Connaught Cinema

164 Edgware Road,
London, W2 2DX


Previously operated by: Pyke's Cinematograph Theatres

Architects: William Hancock

Previous Names: Cinematograph Theatre, Recreations Theatre

Nearby Theaters

Connaught Cinema

The Cinematograph Theatre was opened in March 1909. It was the first cinema to be operated by Montagu Pyke, who soon built up a small chain of Cinematograph Theatres around London. It was built on the site of two shops, and was designed by architect William Hancock. At the time of building it was located next to an amusement parlour named ‘Funland’. It was on the East side of Edgware Road, between Harrowby Street and Crawford Place, on a plot of land which today is immediately adjacent to the south of the old Woolworth’s store. The original seating capacity was for 500 and there was a 20 feet wide proscenium. In around 1916, it was re-named Recreations Cinema.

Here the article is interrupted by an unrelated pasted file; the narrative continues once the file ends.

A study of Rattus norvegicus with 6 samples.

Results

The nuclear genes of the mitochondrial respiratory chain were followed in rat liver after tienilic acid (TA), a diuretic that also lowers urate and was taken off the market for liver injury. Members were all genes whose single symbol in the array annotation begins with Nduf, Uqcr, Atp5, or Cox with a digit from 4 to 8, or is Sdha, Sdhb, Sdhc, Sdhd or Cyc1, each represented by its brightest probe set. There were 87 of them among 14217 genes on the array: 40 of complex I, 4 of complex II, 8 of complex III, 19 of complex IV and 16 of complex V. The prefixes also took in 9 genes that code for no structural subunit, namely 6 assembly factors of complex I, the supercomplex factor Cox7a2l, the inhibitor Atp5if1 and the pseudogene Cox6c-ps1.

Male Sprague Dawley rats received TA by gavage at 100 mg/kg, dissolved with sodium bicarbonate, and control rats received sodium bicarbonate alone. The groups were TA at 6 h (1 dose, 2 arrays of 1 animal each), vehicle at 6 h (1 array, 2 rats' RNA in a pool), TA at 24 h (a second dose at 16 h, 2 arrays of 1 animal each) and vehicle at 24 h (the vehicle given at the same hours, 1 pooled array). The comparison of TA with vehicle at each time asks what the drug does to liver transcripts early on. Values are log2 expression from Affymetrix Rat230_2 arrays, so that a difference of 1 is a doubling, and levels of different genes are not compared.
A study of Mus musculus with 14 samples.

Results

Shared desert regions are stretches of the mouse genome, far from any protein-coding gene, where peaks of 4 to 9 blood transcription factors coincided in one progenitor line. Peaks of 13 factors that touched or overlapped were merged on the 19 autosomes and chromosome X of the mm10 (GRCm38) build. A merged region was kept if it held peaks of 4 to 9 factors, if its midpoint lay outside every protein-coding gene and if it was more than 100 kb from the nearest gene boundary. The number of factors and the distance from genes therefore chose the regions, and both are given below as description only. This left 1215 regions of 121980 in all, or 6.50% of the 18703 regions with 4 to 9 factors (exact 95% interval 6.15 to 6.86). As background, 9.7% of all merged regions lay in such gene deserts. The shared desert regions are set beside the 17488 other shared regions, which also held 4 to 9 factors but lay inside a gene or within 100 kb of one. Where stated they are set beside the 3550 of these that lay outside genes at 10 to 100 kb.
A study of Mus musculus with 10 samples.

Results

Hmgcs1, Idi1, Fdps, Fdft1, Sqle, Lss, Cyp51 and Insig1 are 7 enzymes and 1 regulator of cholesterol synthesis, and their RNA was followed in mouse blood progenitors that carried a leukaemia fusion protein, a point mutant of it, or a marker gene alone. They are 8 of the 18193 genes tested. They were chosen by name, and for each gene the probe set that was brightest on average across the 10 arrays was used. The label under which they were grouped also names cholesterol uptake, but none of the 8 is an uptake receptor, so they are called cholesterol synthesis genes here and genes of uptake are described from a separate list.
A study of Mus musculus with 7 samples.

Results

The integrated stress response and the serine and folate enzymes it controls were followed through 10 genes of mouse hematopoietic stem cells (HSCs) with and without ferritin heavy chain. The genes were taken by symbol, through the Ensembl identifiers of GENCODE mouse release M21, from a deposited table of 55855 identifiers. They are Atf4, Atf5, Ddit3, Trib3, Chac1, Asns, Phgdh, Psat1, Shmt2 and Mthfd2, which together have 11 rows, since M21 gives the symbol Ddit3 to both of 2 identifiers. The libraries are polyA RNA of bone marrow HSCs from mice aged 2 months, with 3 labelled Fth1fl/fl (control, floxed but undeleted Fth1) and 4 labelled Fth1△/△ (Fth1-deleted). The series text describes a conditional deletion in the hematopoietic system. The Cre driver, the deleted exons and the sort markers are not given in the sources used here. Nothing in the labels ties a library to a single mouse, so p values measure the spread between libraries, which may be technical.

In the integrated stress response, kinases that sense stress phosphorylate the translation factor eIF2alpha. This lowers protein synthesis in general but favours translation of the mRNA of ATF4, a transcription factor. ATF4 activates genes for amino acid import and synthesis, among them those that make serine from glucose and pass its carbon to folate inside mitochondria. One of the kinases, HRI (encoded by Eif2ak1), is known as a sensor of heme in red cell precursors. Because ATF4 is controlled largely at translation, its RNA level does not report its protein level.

By 1937, it had been re-named Connaught Cinema, and by the time of its closing on 28th February 1964, it had a reduced seating capacity for 397. The final film was Tyrone Power in "Diplomatic Courier".

A retail shop and units above was built on the site, in 2009 they were vacant, but by 2012 was occupied as an extension to the Waitrose supermarket which occupies the former Woolworth store.

Contributed by Ken Roe

Recent comments (view all 2 comments)

Ken Roe
Ken Roe on January 9, 2010 at 2:26 pm

A vintage photograph of the Cinematograph Theatre in 1915:
View link

spencerphobbs on September 21, 2014 at 10:18 am

The statement that “In around 1916, it was re-named the Recreations Cinema” is incorrect, as that it started off under that name to begin with. It also had at least one other name variation unknown to the contributor and therefore not included here.